Record Type: RIE
Publication Date: 1992-Apr-21
Pages: 20
Abstractor: N/A
Reference Count: N/A
ISBN: N/A
ISSN: N/A
Disciplinary Differences: Instructional Goals and Activities, Measures of Student Performance, and Student Ratings of Instruction.
Franklin, Jennifer; Theall, Michael
This study investigated how instructional goals, activities, and methods for grading in college level courses vary across disciplines and how these course design variables are related to student ratings, class size, and course level. The study used a 44-item, multiple choice questionnaire mailed to 1280 instructors teaching 2700 course sections in the spring and fall quarters of 1991. Surveys for 887 course sections taught by 486 instructors were returned. Student ratings of instruction for the 887 courses taught by the survey respondents were part of a routine course evaluation process. Patterns of significant association among survey variables appeared which were consistent with disciplinary differences. For example, courses in the engineering-math-science area tended to emphasize fact and concept learning goals, and lectures, and based a high percentage of student grades on exams. Courses in humanitites, on the other hand, emphasized skills development, papers, group discussion, and practice quizzes, and relied less on exams for grading. A similar pattern involving the same course design variables was associated with overall ratings of amount learned, and overall teacher effectiveness. Generally, courses with higher student participation and feedback were associated with higher ratings. A heavy reliance on midterms and finals, and low-frequency feedback grading methods, were associated with lower ratings across disciplines. (Author/JB)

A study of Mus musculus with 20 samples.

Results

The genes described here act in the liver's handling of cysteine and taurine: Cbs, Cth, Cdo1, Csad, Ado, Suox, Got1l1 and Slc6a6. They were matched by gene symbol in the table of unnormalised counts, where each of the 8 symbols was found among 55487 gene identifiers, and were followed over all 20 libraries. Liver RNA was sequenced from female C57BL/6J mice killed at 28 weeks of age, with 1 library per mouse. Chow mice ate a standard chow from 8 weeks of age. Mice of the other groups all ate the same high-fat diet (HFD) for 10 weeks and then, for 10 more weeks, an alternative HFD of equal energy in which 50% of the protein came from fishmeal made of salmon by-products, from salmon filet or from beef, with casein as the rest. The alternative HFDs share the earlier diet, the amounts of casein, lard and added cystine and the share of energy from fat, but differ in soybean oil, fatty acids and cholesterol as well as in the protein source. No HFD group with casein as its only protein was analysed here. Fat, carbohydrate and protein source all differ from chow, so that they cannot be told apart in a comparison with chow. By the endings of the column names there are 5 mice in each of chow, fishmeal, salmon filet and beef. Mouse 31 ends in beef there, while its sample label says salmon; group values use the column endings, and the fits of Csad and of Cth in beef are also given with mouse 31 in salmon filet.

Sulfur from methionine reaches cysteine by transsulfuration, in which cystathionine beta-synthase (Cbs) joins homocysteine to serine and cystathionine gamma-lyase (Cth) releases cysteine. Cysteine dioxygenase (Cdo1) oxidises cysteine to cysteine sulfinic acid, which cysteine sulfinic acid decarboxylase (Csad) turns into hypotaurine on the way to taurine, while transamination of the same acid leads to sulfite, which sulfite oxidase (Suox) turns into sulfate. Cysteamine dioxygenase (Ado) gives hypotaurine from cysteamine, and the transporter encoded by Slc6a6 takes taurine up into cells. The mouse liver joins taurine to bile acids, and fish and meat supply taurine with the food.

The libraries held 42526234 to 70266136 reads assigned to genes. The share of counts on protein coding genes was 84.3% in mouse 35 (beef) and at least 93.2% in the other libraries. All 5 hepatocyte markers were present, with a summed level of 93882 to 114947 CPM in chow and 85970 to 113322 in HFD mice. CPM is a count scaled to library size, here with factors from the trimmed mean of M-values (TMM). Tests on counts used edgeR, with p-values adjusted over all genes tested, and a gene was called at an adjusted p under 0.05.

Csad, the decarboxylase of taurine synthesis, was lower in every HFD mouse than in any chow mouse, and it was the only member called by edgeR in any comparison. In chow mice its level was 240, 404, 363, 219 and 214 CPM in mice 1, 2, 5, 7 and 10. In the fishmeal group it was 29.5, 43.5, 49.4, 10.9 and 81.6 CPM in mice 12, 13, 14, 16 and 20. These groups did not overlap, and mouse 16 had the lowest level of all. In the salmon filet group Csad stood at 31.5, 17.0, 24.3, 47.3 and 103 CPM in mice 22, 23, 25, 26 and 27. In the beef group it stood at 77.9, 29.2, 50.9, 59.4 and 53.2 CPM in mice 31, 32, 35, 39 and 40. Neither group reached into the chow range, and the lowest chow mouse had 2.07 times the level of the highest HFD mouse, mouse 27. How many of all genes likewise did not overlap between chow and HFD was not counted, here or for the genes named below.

Publication Type: Reports - Research; Speeches/Meeting Papers
Education Level: N/A
Audience: Researchers
Language: English
Sponsor: N/A
Authoring Institution: Northeastern Univ., Boston, MA. Office of Instructional Development and Evaluation.
Note: Paper presented at the Annual Conference of the American Educational Research Association (San Francisco, CA, April 20-24, 1992).